Putting down roots: How a construction superintendent saved UT Southwestern Frisco’s first ‘patient’
March 6, 2019
Bill Tate first noticed the pecan tree two years ago, when he was surveying the vast hayfield that would become home to UT Southwestern Frisco.
“It was one of the biggest things out there, and one of the only trees left on site,” he said. “You could see it as you got off the tollway.”
As a construction superintendent for Austin Commercial, Mr. Tate’s job is to build things – big, beautiful, new things. That typically means bulldozing existing land to make way for progress.
But every once in a while, he gets to preserve a piece of history.
Mr. Tate dug into the pecan’s history and learned it was the backyard shade tree for Robert Cobb’s family farm and homestead. The Cobb’s ancestors arrived in Frisco when it was prairie, and their name has become one of the most recognizable in the city.
Mr. Tate also dug into the plans for the 20-acre medical campus, which includes UT Southwestern’s four-story specialty clinic, the adjoining eight-story Texas Health Frisco Hospital, plus a covered parking garage and plenty of surface parking.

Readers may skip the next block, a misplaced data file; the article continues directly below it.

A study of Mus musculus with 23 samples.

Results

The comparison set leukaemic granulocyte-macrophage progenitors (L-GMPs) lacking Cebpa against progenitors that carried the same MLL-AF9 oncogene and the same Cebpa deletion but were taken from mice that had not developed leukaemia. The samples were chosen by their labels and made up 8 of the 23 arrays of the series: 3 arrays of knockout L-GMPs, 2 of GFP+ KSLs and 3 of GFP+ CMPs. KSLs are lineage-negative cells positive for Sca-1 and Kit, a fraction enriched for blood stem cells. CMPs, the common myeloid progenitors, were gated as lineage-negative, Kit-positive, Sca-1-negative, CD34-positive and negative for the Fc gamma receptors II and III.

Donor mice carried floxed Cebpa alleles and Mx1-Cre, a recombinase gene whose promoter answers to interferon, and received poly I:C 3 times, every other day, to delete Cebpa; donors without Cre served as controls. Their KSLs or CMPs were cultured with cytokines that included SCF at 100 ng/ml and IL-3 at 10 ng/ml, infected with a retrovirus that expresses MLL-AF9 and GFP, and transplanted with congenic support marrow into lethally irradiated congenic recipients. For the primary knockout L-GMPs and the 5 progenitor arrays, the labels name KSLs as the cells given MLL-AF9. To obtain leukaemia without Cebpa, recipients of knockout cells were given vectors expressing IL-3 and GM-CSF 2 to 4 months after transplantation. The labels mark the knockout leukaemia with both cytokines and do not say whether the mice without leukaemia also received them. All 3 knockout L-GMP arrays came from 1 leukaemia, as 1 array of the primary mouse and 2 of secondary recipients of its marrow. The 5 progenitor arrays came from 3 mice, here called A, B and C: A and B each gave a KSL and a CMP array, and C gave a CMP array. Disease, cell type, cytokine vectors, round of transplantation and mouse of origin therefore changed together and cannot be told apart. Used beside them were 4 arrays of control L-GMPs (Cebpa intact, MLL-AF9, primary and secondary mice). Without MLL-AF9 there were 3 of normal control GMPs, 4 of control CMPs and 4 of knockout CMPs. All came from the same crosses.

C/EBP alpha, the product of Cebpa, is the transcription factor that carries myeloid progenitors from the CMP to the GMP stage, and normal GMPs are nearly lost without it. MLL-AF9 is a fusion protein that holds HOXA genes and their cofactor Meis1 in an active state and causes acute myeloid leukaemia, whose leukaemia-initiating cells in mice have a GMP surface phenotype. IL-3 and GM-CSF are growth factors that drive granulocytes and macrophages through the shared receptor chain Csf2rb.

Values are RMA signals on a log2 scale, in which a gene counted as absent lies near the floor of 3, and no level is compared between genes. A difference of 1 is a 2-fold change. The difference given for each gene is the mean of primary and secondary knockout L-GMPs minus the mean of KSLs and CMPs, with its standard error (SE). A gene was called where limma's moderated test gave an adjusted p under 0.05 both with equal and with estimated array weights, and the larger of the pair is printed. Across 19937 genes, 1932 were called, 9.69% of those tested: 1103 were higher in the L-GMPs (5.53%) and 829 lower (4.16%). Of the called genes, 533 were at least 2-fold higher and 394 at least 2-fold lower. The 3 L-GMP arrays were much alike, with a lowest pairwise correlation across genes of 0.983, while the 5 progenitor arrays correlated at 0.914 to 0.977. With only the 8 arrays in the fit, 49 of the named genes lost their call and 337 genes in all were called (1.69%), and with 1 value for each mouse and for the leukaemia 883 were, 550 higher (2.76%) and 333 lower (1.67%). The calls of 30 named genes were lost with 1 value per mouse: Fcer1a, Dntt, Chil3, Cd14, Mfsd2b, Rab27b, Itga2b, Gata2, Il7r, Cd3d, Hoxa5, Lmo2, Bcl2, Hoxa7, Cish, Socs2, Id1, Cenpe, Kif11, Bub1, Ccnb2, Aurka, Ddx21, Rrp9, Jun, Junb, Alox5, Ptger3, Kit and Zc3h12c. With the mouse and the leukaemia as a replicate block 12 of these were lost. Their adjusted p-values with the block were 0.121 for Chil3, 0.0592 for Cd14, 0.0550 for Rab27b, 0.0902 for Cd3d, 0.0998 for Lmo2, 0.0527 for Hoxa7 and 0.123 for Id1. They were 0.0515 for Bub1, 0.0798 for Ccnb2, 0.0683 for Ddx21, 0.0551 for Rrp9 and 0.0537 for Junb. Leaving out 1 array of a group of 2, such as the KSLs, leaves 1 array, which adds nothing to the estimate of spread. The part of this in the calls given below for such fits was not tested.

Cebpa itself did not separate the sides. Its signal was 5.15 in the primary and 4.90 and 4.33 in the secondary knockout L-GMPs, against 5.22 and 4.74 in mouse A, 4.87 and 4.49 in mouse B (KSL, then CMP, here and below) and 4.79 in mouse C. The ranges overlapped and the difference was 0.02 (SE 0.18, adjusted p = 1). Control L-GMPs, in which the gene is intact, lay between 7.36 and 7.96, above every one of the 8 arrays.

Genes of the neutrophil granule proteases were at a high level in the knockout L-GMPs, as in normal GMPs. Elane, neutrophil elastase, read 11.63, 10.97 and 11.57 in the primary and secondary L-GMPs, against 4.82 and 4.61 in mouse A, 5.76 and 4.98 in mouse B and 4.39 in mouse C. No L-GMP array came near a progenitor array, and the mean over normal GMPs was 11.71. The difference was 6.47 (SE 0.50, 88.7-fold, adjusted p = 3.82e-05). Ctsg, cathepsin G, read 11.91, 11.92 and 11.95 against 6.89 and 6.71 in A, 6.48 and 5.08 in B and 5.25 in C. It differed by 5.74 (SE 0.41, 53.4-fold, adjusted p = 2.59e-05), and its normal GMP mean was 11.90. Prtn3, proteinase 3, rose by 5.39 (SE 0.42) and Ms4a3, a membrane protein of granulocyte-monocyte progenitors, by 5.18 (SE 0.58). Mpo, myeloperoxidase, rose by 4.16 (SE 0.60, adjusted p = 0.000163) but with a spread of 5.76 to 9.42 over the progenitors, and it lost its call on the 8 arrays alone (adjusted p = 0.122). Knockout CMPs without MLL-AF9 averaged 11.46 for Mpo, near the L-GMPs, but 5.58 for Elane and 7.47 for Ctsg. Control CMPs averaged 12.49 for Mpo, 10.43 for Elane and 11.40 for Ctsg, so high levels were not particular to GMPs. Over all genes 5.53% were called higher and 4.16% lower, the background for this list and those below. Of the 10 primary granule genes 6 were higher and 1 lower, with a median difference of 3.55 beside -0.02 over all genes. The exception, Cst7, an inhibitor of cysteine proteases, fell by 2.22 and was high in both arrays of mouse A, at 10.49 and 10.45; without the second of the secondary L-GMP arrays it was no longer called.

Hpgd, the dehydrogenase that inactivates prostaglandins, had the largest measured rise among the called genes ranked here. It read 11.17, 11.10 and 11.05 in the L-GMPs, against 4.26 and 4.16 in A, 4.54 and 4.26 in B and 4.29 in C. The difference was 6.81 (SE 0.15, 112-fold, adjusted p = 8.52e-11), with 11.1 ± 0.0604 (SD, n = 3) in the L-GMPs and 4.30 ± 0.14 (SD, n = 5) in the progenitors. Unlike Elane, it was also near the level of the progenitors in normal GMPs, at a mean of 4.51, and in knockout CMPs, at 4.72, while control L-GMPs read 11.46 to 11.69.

Eventually he discovered that the lot behind the specialty clinic, as it was designed, would crowd the pecan tree, potentially choking its root system.
“During my wonder years I was more reckless, and I probably damaged a few trees not knowing this stuff. The older I get, the more conservative I get with life, animals, and trees.”
“I told the architect, I’m not doing it,” he said. “I put my foot down, and said we need to lose some parking spaces to make enough room for those roots.”
At age 43, Mr. Tate said he has gained much-needed perspective on trees and life.
“During my wonder years I was more reckless, and I probably damaged a few trees not knowing this stuff,” he said. “The older I get, the more conservative I get with life, animals, and trees.”
Mr. Tate worried he might get some pushback, but the architect quickly agreed, nearly doubling the footprint for the tree. A small park and walking trail have since been added to the grounds nearby, and so has a plaque honoring the history of the Cobb family.
Arborists have been out to check the health of the pecan, and after a few fertilizer injections it is strong and happy. After some pruning prior to the fall opening of UT Southwestern Frisco, Mr. Tate said he’ll hand off his pecan to the groundskeepers.
“I kind of adopted the tree,” he said. “And I want to make sure it’s taken care of. A tree that size doesn’t come around that often.”
UT Southwestern Frisco is slated to open this fall, but Bill Tate has already saved the facility’s first patient: a proud pecan tree that is rooted in Frisco’s past.